After you have received an approval for Social Security disability benefits, you are likely filled with relief at the prospect of financial assistance during a difficult time in your life. It is important to understand, however, that the review process is not yet over. The Social Security Administration conducts what it refers to as “continuing disability reviews” during which time a claims examiner reviews the medical evidence relating to your claim to search for improvements. These reviews typically follow a schedule, or they can be triggered by certain occurrences, such as if you start earning too much money.
3 Scenarios and the Timeline for Continuing Disability Reviews
When can you anticipate being chosen for a continuing disability review with regard to your disability benefits? The following is a general overview:
- Your case has been categorized as “medical improvement expected.” This means that the Social Security Administration considers your impairment to have a high chance of improving. In these cases, a review typically is scheduled within six to eighteen months after you were first confirmed to have a disability. Examples of conditions that may be labeled as “medical improvement expected” include someone recovering from a knee or hip surgery. If you are older than age 55, however, it is less common for your condition to be deemed “medical improvement expected.”
- Your case has been labeled “medical improvement possible.” This means that you suffer from a condition that can be reasonably expected to improve. Examples of such illnesses include a mental illness or irritable bowel disease. If your case has been labeled “medical improvement possible,” you can anticipate having your case reviewed at least once every three years.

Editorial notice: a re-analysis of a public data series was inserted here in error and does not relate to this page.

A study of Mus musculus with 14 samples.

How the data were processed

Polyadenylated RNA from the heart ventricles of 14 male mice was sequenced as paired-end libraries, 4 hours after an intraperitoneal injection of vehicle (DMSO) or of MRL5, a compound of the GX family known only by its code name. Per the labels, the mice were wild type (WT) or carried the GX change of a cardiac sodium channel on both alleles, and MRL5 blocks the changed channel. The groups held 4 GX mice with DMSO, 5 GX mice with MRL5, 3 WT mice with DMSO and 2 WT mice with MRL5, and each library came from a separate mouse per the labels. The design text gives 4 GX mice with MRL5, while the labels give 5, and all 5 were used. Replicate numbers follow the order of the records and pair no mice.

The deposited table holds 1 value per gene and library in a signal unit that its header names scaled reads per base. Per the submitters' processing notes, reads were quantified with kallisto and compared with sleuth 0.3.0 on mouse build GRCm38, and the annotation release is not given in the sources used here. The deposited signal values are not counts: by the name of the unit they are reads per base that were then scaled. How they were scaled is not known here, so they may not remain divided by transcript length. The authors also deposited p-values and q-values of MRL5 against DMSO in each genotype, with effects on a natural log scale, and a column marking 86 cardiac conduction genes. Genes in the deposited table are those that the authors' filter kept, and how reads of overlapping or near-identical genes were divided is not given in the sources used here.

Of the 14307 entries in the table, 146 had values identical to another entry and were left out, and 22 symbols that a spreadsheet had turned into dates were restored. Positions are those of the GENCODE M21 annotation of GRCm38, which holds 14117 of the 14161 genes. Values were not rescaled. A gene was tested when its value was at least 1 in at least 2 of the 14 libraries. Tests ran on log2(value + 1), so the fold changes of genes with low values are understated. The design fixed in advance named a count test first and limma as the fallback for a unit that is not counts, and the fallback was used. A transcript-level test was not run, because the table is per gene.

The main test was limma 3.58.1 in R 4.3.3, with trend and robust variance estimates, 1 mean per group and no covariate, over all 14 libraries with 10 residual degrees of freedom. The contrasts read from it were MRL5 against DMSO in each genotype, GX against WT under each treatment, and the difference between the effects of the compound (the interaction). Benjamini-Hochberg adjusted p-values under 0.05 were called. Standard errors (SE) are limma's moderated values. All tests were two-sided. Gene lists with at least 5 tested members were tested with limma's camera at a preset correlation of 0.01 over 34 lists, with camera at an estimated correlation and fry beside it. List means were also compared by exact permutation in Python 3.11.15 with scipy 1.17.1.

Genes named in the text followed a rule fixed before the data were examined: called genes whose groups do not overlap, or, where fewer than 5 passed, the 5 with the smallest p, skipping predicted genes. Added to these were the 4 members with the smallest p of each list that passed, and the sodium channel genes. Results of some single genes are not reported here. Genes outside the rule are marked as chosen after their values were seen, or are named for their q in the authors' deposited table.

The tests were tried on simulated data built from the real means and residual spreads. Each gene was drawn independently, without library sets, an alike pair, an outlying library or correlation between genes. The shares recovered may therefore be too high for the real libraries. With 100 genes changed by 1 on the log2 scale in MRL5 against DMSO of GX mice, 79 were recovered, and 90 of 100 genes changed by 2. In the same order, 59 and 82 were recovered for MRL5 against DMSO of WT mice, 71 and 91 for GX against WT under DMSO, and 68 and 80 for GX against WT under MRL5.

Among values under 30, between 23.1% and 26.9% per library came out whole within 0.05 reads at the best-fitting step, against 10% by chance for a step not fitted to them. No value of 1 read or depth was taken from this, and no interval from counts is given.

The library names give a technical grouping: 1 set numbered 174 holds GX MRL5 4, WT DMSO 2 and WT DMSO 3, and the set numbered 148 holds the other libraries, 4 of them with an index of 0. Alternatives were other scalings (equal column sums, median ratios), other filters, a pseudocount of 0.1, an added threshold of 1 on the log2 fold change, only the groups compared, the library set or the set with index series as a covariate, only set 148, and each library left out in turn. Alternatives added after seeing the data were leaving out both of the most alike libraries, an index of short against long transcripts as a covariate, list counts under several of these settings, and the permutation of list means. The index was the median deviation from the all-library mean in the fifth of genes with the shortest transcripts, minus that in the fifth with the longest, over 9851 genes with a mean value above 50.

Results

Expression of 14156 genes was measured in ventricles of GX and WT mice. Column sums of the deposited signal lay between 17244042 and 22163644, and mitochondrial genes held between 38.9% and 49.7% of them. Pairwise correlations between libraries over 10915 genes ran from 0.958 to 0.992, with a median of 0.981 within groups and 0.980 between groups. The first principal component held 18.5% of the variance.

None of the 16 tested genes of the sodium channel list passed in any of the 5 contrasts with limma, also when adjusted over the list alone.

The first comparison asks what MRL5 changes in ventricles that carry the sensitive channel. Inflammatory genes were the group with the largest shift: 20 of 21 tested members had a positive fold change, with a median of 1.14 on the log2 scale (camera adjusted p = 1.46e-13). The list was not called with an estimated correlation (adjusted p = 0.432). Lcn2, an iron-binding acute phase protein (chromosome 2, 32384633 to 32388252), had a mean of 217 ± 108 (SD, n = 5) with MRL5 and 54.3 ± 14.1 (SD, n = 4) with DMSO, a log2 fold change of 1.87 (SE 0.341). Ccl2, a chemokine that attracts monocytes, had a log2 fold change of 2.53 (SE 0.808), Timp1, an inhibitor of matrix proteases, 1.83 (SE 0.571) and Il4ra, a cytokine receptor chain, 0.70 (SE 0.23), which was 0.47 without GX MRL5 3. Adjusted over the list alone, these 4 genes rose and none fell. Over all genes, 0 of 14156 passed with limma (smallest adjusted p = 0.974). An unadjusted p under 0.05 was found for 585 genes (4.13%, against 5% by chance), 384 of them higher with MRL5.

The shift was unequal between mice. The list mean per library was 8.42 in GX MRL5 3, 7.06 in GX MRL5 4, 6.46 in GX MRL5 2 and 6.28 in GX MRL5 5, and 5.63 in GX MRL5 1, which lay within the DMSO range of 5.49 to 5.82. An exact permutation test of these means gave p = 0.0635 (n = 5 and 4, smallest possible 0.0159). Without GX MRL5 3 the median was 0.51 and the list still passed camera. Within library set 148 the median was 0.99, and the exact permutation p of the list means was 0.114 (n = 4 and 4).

- Your case was labeled “medical improvement not expected” by the Social Security Administration. If the Administration does not believe that your impairment will improve, you will likely not have a review of your case until seven years after your initial application and approval for benefits. There are many different types of conditions that may fall under this category. Examples include cancers, blindness, deafness, autism, Parkinson’s disease, multiple sclerosis, and Down syndrome. People who are over age 55 when applying for or obtaining benefits are more likely to be put on this seven-year review clock as well. This is because the older a recipient of benefits is, the less likely they are to experience improvement with regard to their condition.
In addition, if a child is receiving Supplemental Security Income benefits, their case is likely to be reviewed at the time they reach age 18, regardless of their specific condition.
Exceptions to the Rule
It is important to note that while these review timelines do constitute the official procedure outlined by the Social Security Administration, deviations may occur. The Social Security Administration maintains a great deal of flexibility with regard to when the dates for reviews are scheduled. Some people receiving benefits may find themselves under review sooner than what is outlined above, while others may see reviews on a less frequent basis. Other factors can also influence the timing of a review, such as Administration budgetary issues.
For recipients of disability benefits, continuing disability reviews are not the only potential issue to be aware of. People who receive Supplemental Security Income benefits may also be subject to “redeterminations.” SSI is a needs-based program. As a result, the Social Security Administration conducts redeterminations to assess a beneficiary’s income, resources, and living arrangements in order to ensure that he or she is still within the allowable limits for the program. These redeterminations may occur every one to six years, or when a beneficiary undergoes a change that can affect their eligibility.
With proper guidance, you will likely come through your continuing disability review without issue and will continue to receive the benefits you deserve. We are here to offer the help that you may need. We encourage you to contact us today for a free consultation at 888-904-6847.